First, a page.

The National Fraud Intelligence Bureau has received the first reports from victims of a new type of malware known as ‘Cryptowall’. This is similar in nature to older malware which can encrypt all files on infected machines.
VirusCryptowall is the latest in a line of viruses which, once they are on an infected machine, encrypt all files in a way which is either difficult or impossible to remedy. A pop-up screen will inform victims that they can pay a fee (often in Bitcoin) to obtain the encryption key to unlock the machine, but this key is rarely returned.
Therefore, if you become infected it will mean you lose access to all your files on a permanent basis.
Cryptowall poses a significant threat both due to the damage it can cause and because of the range of ways in which users might become infected. These include:
*e-mails containing attachments which look innocent but which are in fact executable files containing the malware.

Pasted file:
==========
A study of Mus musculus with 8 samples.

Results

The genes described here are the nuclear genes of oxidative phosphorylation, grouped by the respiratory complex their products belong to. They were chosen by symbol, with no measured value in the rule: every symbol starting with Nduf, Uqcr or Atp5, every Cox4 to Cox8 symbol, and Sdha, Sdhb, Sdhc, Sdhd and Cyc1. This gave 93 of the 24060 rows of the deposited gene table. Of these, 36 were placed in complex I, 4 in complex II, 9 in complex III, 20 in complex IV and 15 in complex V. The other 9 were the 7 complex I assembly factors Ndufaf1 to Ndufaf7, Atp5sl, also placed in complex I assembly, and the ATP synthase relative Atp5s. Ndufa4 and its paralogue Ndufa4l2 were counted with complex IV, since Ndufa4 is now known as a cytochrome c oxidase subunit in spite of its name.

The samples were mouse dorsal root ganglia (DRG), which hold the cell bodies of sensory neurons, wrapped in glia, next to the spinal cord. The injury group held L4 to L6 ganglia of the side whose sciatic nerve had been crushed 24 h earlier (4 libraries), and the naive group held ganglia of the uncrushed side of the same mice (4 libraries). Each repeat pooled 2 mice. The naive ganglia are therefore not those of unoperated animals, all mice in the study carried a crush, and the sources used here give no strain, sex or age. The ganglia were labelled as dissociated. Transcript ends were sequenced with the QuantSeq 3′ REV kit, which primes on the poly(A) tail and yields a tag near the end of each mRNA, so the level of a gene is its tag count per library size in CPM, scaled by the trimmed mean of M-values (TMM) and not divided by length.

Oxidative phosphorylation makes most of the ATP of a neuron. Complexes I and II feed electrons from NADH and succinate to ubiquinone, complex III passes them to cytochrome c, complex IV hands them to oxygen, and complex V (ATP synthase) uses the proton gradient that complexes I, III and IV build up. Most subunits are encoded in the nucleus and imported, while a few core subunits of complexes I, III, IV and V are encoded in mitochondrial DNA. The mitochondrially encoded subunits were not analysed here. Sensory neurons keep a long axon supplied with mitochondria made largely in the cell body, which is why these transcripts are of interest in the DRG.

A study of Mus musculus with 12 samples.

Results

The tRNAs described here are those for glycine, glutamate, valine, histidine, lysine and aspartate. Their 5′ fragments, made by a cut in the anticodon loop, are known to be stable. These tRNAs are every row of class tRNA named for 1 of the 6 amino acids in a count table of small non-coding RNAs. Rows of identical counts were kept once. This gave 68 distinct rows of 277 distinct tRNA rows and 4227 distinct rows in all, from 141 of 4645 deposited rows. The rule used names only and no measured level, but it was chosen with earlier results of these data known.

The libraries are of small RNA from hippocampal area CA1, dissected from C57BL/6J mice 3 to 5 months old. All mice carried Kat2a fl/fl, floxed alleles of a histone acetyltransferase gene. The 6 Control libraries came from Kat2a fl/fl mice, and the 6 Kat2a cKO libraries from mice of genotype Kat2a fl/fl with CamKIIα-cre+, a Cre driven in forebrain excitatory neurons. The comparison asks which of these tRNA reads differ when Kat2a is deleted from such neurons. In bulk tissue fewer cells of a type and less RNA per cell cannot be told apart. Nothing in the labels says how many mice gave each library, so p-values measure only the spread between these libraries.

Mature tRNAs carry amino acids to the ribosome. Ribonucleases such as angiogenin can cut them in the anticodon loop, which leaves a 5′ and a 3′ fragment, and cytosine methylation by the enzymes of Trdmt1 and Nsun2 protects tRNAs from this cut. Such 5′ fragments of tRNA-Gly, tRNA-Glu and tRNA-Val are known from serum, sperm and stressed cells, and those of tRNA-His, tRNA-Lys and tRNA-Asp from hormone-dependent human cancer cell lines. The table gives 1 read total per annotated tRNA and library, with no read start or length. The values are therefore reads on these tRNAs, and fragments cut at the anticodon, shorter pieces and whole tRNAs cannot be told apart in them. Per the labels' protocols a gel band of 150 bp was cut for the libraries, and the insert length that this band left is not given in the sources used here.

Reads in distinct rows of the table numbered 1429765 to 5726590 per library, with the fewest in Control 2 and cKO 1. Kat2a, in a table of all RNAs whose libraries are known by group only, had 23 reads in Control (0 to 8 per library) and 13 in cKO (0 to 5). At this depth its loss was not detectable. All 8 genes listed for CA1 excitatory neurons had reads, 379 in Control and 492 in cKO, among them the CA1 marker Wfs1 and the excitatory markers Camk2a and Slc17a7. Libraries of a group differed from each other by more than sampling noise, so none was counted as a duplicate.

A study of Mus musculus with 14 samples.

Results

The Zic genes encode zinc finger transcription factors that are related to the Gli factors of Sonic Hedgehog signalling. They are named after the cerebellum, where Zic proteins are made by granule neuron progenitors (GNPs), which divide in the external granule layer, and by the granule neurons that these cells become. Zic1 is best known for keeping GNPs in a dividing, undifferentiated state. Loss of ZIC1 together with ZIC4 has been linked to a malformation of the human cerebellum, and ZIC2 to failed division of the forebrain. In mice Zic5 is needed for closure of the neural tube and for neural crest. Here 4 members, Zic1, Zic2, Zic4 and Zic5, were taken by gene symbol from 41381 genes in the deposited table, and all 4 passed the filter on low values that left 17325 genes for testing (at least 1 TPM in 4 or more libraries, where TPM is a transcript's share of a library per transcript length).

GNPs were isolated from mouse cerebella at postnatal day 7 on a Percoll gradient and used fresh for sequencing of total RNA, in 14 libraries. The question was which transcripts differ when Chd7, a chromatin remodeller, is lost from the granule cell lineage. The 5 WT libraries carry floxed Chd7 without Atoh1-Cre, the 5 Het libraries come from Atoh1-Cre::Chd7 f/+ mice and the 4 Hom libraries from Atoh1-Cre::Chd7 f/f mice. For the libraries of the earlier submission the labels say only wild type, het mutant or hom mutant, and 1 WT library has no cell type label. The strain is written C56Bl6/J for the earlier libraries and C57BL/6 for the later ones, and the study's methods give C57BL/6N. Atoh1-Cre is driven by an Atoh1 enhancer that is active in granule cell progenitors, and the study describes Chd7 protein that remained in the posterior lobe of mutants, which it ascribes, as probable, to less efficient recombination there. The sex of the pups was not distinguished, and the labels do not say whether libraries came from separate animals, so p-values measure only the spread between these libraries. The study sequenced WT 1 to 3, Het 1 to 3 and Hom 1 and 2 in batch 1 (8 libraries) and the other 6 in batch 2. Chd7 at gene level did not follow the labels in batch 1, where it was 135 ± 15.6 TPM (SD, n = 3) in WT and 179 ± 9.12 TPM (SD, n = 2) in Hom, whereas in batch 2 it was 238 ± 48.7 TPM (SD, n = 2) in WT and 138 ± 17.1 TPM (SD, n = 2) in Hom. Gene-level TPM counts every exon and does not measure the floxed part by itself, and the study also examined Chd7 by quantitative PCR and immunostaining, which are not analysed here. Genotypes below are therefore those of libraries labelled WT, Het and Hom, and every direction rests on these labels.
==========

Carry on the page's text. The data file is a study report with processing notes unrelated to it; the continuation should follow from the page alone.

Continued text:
*e-mails containing links to websites which, once visited, will automatically download Cryptowall onto the machine.
*Links within reputable websites (for instance embedded links to videos or adverts) can cause damage if the user does not have an up-to-date version of the plug-in they’re using.
Protect yourself from Cryptowall
Having up-to-date virus protection mechanism is, of course, essential but it will not always prevent the end user from becoming infected.
On that basis, Action Fraud advises the following additional prevention tips:
*Make sure that your Internet browser and any plug-ins (such as Flash, Java and Silverlight) are up-to-date.
*Don’t click on links or open attachments from unknown e-mail addresses. Remember that fraudsters can ‘spoof’ an e-mail address to make it look like one used by someone you trust. If you are unsure, check the e-mail header to identify the true source of any such attachment or link.
*Beware of links contained within websites – for example adverts or video files on sites which look trustworthy.
*Back-up your files to a location not directly linked to your machine or network.
*Close connections on business networks that you don’t need – this will help to prevent the spread of the virus from infected machines.